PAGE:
While exit polls from the 2022 midterm elections indicate a double-digit swing in Latino voters from Democrat to Republican since 2020, many pollsters and election experts have looked into the possibility that Hispanics, a traditionally strong voting bloc for Democrats, could be shifting in their political support.
Exit polling from last Tuesday shows a slight improvement in Republicans' performance with Latinos, with 39% of Hispanics saying they voted for Republican candidates, an increase of 7 percentage points from the 2020 presidential election. While 65% of Latino voters voted for Democrats in 2020, only 60% said the same in 2022, representing a 12-point swing in Latinos' net support for Democrats dropping from 33% in 2020 to 21% in 2022.
In some local and state races, the shift is even more dramatic.
One example of this is Florida. According to exit polls reported by ABC News, Republican incumbent Gov. Ron DeSantis garnered 57% of the Hispanic vote last week after losing the Hispanic vote by 10 percentage points in 2018.
Republican Monica De La Cruz made history by becoming the first Republican elected to represent Texas' 15th Congressional District. She defeated Democrat Michelle Vallejo by 8.5 points in a once-blue majority-Latino district that has swung to the right in recent years. Her victory came months after Republican Rep. Mayra Flores became the first Mexican-born woman elected to Congress after winning a June special election in another historically blue South Texas district.
Exit polling on the demographic has been contradictory at times. Exit polls from Virginia's 2021 gubernatorial race were conflicted on the status of the Latino vote, with Associated Press' VoteCast indicating that Republican Glen Youngkin won Hispanics by a dozen percentage points, while Edison Research reported Democrat Terry McAuliffe won the voting bloc by 34 percentage points.
To examine the question of whether Latinos are shifting from Democrat to Republican, The Christian Post spoke with polling experts to gauge their insight on the matter.
Mark Hugo Lopez, director of Race & Ethnicity Research at Pew Research Center, told CP that there "has been a shift underway in Latino voters' support for Republican candidates for a few years now."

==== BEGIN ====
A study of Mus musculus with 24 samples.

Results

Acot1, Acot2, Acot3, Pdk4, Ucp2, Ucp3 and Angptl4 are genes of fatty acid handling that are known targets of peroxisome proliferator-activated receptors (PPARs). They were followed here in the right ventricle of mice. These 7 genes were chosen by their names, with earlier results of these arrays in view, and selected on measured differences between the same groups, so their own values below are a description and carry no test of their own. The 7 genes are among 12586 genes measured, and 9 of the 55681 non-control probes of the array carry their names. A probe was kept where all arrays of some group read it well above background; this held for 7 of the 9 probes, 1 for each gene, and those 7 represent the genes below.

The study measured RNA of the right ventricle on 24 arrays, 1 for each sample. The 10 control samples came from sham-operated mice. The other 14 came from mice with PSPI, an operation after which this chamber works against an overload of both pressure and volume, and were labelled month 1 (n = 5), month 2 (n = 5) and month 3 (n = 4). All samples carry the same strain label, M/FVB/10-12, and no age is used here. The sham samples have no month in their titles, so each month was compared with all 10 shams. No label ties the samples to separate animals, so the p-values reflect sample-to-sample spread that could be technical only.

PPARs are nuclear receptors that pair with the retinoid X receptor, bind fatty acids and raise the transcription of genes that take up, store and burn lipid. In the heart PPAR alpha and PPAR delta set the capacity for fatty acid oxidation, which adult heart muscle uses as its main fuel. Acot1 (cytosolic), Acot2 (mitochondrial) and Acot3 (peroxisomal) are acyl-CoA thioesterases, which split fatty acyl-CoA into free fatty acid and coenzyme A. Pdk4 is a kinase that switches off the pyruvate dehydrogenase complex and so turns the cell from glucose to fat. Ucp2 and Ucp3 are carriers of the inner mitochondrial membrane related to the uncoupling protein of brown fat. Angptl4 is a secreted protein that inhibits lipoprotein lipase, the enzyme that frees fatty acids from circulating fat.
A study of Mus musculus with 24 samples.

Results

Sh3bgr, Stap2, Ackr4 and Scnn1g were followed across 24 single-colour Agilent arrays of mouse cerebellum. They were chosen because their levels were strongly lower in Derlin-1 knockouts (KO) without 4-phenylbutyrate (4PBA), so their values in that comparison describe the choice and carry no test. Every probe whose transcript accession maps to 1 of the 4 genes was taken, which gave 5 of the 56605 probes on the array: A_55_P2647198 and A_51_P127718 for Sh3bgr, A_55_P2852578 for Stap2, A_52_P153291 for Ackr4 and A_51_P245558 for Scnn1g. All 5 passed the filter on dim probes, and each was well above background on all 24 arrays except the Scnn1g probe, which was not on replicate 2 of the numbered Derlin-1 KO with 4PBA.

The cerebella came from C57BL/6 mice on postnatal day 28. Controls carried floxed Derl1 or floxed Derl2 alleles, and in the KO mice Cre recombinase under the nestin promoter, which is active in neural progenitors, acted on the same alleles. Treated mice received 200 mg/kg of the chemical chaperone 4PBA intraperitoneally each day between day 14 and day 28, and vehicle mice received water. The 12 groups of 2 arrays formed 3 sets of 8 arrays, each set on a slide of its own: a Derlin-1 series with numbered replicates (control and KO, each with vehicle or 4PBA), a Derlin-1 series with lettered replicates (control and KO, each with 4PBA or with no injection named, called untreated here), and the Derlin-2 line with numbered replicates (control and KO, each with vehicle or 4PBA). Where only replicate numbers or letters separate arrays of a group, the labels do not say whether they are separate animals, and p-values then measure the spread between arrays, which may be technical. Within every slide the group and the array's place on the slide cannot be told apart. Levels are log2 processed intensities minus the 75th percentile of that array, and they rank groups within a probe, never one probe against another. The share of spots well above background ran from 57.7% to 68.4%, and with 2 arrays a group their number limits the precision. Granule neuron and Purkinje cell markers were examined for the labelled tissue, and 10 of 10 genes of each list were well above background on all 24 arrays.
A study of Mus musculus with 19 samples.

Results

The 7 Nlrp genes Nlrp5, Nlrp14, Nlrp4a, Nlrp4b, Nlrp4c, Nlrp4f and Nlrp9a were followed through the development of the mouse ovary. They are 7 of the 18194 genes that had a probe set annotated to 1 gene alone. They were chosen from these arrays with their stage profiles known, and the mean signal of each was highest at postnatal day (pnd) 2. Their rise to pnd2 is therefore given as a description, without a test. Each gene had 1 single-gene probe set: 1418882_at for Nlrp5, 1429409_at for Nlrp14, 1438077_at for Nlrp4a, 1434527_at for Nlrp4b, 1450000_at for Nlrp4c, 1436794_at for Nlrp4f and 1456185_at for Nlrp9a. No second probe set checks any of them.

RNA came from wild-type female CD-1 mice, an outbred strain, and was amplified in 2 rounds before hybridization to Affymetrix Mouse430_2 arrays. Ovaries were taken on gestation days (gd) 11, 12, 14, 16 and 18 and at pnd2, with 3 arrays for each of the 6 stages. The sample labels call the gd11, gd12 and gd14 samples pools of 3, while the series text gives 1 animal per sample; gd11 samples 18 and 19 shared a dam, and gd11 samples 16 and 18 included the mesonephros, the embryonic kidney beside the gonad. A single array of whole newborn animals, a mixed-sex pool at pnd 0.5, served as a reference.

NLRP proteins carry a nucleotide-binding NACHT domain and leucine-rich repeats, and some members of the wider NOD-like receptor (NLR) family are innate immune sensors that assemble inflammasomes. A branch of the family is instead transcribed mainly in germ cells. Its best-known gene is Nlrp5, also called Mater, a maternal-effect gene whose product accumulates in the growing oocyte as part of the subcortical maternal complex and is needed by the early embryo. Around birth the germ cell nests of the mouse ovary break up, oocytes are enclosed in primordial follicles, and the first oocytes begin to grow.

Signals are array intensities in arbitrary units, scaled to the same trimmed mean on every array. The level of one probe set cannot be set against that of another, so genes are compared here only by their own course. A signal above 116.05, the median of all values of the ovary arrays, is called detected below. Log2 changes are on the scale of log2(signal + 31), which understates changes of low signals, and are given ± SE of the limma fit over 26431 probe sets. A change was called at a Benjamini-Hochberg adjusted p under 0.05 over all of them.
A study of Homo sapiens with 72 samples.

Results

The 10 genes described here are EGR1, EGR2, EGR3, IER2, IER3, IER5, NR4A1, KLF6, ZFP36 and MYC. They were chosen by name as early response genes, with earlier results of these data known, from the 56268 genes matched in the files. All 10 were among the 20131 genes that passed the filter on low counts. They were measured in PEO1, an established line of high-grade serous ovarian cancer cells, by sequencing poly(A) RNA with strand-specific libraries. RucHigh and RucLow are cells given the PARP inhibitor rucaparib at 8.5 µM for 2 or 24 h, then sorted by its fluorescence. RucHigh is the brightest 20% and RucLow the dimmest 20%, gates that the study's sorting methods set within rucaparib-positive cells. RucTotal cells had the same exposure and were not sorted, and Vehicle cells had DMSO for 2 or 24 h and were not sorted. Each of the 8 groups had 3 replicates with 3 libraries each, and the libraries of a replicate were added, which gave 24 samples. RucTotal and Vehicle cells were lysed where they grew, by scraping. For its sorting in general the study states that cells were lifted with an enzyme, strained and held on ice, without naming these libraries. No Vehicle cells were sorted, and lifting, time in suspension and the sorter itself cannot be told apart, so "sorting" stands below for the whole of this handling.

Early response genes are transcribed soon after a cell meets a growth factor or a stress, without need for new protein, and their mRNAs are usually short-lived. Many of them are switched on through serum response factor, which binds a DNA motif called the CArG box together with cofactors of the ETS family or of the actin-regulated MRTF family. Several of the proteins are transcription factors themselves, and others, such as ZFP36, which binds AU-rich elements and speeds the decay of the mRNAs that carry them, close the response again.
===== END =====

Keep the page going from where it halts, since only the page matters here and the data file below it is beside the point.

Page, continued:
"From 2016 to 2020, the share of Latino voters who voted for Donald Trump grew from 28% to 38%, according to a Pew Research Center verified voter study," he said.
Lopez cited "preliminary results based on exit polls," which suggest Republican candidates won about as much Latino support in 2022 as they did in 2020.
Lopez says there are "many factors that may be contributing to these changes," including the context of certain elections and outreach.
"First is the candidates themselves and the national and local context of recent elections. Who is running and how things are going in the nation can affect voters' choices," he said.
"Second, how campaigns reach out to voters can make a difference too. For example, what issues are campaigns focusing on as they do voter outreach?"
Nevertheless, Lopez says it's "important to note" that there have been "similar shifts in Latino voters' support for Republican candidates in the past," including during the 1980s and among Latino voters between 2004 and 2012.
"What remains unknown is whether this shift will be durable," Lopez added.
Robert Cahaly, the senior strategist and pollster with The Trafalgar Group, believes a shift is ongoing in the Latino community. He attributed it partly to "the Democrats' departure from traditional faith-based values."
Cahaly contends that if Democrats want to combat this trend, they would have to make "a fundamental change" to their proposed policies and "reject the very secular notions" that he believed underpinned them.
"They would have to just completely reject that element of the party that is moving them away from faith-based values to secularism," he said.
Cahaly suggests Republicans should "keep treating Hispanic voters like regular people" and "reject any notion that they're monolithic."
"Treat them like they are individuals whose votes you must earn every two years," continued Cahaly. "Show them that respect."
Questions about the state of the Latino vote come as the results of the 2022 midterm elections continue to trickle in, showing that the expected "red wave" only resulted in modest gains for Republicans, including taking control of the House of Representatives.
Poll results have varied leading up to the midterm elections. A survey conducted in April by Marist University in conjunction with NPR and PBS NewsHour found 52% of Latinos said they support the Republican candidate for Congress compared to 39% who would vote for the Democrat.
Samuel Rodriguez, president of the National Hispanic Christian Leadership Conference, told CP earlier this year that many Latinos are "abandoning the Democratic Party or leftist ideologies" because of their opposition to abortion. He pointed to South Texas as an example of a region where Latinos are voting more Republican than before.
Congressional districts based in South Texas swung heavily toward the Republican Party in 2020. Democrat Hillary Clinton won the 15th Congressional District in 2016 by a margin of nearly 17 points, but the district only supported Biden by less than 2 percentage points in the 2020 election. The shift culminated this year in the Republican De La Cruz's victory in a once-blue district.
"The districts that used to be blue are now red," Rodriguez said of South Texas. "These are districts with 87%, 89%, 90% Latino populations, and now they're becoming all red."